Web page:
The Very Best Time Travel Novels

The Very Best Time Travel Novels

Time travel! Unlimited possibilities: visiting the past to relive momentous events in mankind’s history, or for another chance to do things differently with the benefit of hindsight! Or even the possibility of future travel — to see what will be, what could be, to reforge destiny! Time travel! One of the most imaginative and fantastical sub-genres in literature! These are best of all time-travel novels:

Poul Anderson - Tau ZeroTau Zero

Poul Anderson

I have some quibbles with Tau Zero; the forgettable characters and the flat dialogue are two of the worst offenders in the book. However, Tau Zero‘s shortcomings can be forgiven if you immerse yourself completely in the fantastical story of a research crew marooned in time due to the effects of exponentially increasing time dilation. A time travel novel both sad and introspective and a must-read for fans of classic sci-fi literature.


Audrey Niffenegger

The concept of time travel lends itself well to a love story; lovers searching for each other across the most insurmountable distance — time — is an idea that plays into an idealistic version of romance. For this reason, there are many time travel romance novels out there, but The Time Traveler’s Wife is the best that I’ve read. A beautifully written, emotional debut novel for Audrey Niffegger.


H. G. Wells

Though The Time Machine was originally published in 1895, it still holds up well today. The social concepts in the book are complex: the Morlocks and Eloi of Earth’s far future — the result of the degeneration of the human race into two separate factions — live a dystopian existence with a predatory relationship with each other. Though time travel is just a vehicle (literally and figuratively, in this novel) for a book about Wells’ social commentary of the class structure of his time, the sociological theories explored in H. G. Wells’s classic is relevant to readers even today.


David Gerrold

In The Man Who Folded Himself, author David Gerrold addresses paradoxes and philosophy, in an ever-increasing web of cause-and-effect complexity. The premise is a simple one: a young man named Daniel inherits a time-travel belt from his mysterious uncle, and like most people would, he immediately uses his newfound power for money. This leads to a story with events that are both refreshing and surprising, even for veteran readers of time travel literature.


Claire North

The First Fifteen Lives of Harry August is the most recent novel on this list and earns its way through the strength of strong writing and with just-confusing-enough-to-be-exciting jumps in narrative timelines. Conspiracies, secret societies, secret societies — all come together in an excellent story of a man who relives his life multiple times. The First Fifteen Lives of Harry August starts slow but quickly ramps up the excitement and turns a story about cause-and-effect into a fast-paced thriller.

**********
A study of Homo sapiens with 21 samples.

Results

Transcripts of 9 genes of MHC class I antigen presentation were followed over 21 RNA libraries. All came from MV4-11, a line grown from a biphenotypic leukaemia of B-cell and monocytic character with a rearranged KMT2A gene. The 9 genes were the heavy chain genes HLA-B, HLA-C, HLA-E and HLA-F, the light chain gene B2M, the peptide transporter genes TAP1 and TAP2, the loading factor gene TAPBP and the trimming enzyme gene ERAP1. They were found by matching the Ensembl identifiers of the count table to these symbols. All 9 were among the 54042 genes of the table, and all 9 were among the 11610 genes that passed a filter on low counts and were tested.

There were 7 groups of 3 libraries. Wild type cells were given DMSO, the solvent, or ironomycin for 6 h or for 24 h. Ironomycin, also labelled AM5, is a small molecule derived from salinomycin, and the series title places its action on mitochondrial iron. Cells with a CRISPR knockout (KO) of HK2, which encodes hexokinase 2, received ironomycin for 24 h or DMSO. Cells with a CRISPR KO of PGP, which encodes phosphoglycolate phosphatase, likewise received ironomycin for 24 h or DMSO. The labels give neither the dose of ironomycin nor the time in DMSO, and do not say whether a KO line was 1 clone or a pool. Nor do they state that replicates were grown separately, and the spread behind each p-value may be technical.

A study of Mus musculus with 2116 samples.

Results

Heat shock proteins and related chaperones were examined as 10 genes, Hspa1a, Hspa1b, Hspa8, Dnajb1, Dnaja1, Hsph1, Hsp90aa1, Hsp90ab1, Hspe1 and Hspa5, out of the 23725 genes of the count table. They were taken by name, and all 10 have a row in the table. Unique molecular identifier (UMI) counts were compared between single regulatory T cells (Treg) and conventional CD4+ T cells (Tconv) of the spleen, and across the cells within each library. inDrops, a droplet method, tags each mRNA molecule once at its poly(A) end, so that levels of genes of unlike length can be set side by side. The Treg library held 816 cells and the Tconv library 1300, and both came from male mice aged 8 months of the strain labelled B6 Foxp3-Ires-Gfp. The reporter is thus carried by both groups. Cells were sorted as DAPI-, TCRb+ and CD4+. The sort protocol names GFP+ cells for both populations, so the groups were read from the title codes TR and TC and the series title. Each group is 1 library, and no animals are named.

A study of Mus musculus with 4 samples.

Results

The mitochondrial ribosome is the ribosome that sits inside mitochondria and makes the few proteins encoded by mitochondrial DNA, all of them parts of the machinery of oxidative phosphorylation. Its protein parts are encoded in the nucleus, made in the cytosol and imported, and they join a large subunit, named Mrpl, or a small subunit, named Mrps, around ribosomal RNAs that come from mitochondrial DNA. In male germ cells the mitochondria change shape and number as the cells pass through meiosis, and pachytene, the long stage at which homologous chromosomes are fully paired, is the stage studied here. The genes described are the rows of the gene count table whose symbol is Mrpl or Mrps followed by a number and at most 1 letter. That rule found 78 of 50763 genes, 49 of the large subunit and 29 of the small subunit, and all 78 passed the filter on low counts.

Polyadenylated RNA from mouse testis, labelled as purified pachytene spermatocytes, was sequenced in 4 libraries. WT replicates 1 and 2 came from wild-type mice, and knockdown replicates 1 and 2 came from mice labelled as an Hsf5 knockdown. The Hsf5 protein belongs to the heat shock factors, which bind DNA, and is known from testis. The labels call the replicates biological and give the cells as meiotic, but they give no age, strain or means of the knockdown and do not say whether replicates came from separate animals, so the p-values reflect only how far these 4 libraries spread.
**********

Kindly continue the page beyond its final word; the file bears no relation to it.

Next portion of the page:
Stephen King

November 22nd, 1963 is the date of President John F. Kennedy’s fateful motorcade in Dealey Plaza and it’s preventing the outcome of this event that is Jake Epping’s motivation for stepping through a portal that takes him back in time to 1958. Time travel fiction routinely deals with cause-and-effect, but in 11/22/63, the universe resists changes to the timeline, and external forces attempt to prevent Jake’s manipulation of history. Stephen King’s 11/22/63 is a long book — over 250,000 words — that still manages to pack a lot of tightly-paced excitement into its pages.


Isaac Asimov

The Eternals that oversee the time continuum in Asimov’s The End of Eternity aren’t too concerned with singular events in history, because what is a global war or a breakthrough in humanity’s development in terms of the millions of years of existence? Instead, they observe the entirety of history, making slight changes here and there to alter the course of humanity as needed. The End of Eternity — written in the 1950s — is an early example of time travel literature that deals with complex concepts, like cause-and-effect and paradoxes. A classic, and easily one of Isaac Asimov’s best works.


Robert Charles Wilson

Robert Charles Wilson is a fixture in time travel fiction: his Spin series deals with the effects of time dilation on an entire world and A Bridge of Years features a tunnel that leads to the past. In The Chronoliths, numerous monoliths — seemingly from the future — appear at random times. The book studies the societal and cultural impact of predestiny and cause-and-effect, and if the world can be bound to self-fulfilling prophecies. A great novel and well worth the read for any fan of science fiction in general.


Mark Twain

Like H. G. Wells’s The Time Machine, time travel in A Connecticut Yankee in King Arthur’s Court serves as a vehicle for social commentary. An engineer from modern-day Connecticut is transported to medieval England and of course, uses his knowledge to make changes in social structure and advance scientific growth in the era. In A Connecticut Yankee in King Arthur’s Court Twain addresses issues like slavery, religion, and class structure in a brilliant satiric combination of science fiction and fantasy.


Kurt Vonnegut

Slaughterhouse-Five is part historical fiction, drawing from Kurt Vonnegut’s own experiences during the bombing of the city of Dresden during World War II, that becomes science fiction, then a time travel novel when narrator Billy Pilgrim is abducted by aliens and given free reign of the fourth dimension of time, allowing him to experience his entire life simultaneously. Vonnegut tells this difficult story with masterful narrative mechanics and makes what could have been an impossible-to-follow read an excellent satiric criticism of war — made much more significant when we consider Slaughterhouse-Five was published at the height of anti-Vietnam war sentiment in America.